Hawaii not immune to ‘liar loan’ crisis
Defaults nationwide hit record numbers
In the mortgage industry, they are called "liar loans" - mortgages approved without requiring proof of the borrower's income or assets. The worst of them earn the nickname "ninja loans," short for "no income, no job, and (no) assets."
The nation's struggling housing market, already awash in subprime foreclosures, is now getting hit with a second wave of losses as homeowners with liar loans default in record numbers. In some parts of the country, the loans are threatening to drag out the mortgage crisis for another two years.
Although it is unclear how many of the loans were granted in Hawaii, some mortgage industry experts estimate that from 2004 to 2007 about 10 to 14 percent of loans in this state were subprime and of those about half were mortgages that did not require proof of income or assets.
There's no such thing as liar loans in Hawaii, said Stephen Higa, a mortgage broker at Point Financial who has worked in Hawaii's mortgage industry for more than 20 years.
"The industry stopped that six or seven months ago," he said, but added that for some the damage has already been done. "Most of the people that we see who are in trouble in Hawaii had liar loans."
Many homeowners with liar loans are stuck. They can't refinance because housing prices in those markets have nose-dived, and lenders are now demanding full documentation of income and assets.
In addition, many liar loans in Hawaii had built-in prepayment penalties that have made it difficult for homeowners to refinance, Higa said.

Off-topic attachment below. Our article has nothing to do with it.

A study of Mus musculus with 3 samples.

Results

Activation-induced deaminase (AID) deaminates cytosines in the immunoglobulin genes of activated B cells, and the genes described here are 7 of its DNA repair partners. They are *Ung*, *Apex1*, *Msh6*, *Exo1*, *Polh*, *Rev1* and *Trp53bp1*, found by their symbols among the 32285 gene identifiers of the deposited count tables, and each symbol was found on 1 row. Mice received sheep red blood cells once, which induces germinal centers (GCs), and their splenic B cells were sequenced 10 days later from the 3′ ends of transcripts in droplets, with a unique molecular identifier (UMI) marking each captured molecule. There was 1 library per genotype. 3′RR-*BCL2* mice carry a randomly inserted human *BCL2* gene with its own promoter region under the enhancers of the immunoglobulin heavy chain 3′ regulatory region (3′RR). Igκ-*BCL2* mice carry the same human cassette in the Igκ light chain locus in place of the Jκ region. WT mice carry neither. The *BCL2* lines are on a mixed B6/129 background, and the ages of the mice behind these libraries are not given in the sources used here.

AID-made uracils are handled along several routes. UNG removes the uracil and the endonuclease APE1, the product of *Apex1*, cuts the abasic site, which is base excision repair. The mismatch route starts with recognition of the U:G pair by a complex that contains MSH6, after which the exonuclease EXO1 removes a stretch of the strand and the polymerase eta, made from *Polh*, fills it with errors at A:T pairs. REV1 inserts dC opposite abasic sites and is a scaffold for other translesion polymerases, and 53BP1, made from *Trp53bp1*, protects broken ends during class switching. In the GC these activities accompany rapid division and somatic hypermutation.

"They would have to come to the table with thousands of dollars to pay off the prepayment penalties," he said. "That on top of everything else, like rising gas prices and a faltering economy, has really boxed them in."
Losses on liar loans could total $100 billion, according to Moody's Economy.com. That's on top of the $400 billion in expected losses from subprime loans.
Fannie Mae and Freddie Mac, the nation's largest buyers and backers of mortgages, lost a combined $3.1 billion between April and June. Half of their credit losses came from sour liar loans, officially called Alternative-A loans because they are seen as a step below A-credit, or prime, borrowers.
Many of the lenders that specialized in such loans are now defunct - banks such as American Home Mortgage, Bear Stearns and IndyMac Bank. More lenders may follow.
While fewer subprime and liar loans were made in the Hawaii market and therefore fewer mortgage companies and lenders have gone under, the market has not been completely insulated from the fallout, said Honolulu-based real estate analyst Stephany Sofos.
"Lending standards have tightened so much that even good borrowers in Hawaii are having trouble qualifying for loans and that is slowing down the market," Sofos said. "Fewer loans means fewer sales and that means declining values."
The loans were also immensely profitable for the mortgage industry because they carried higher fees and higher interest rates.
During the housing boom, liar loans were especially popular among investors seeking to flip properties quickly.
"We hardly did any of these loans and the ones that we did were mostly reserved for foreign investors or more sophisticated borrowers," said Zoebel Dela Cruz, principal broker of Team Mortgage Hawaii. "It's not necessarily a good thing that there are now less options available for qualified buyers."
They were also commonly paired with "interest only" features that allowed borrowers to pay just the interest on the debt and none of the principal for the first several years. Even riskier were "pick-a-payment" or option ARM loans - adjustable-rate mortgages that gave borrowers the choice to defer some of their interest payments and add them to the principal.
Many Hawaii real estate agents and brokers, who were self-employed, used these loans to finance their own purchases, Dela Cruz said.
Now that business has turned, some real estate agents and mortgage brokers are having a harder time making their payments, Dela Cruz said.
"It's really sad," she said. "This is a very tough time in the industry."
Star-Bulletin business writer Allison Schaefers contributed to this report.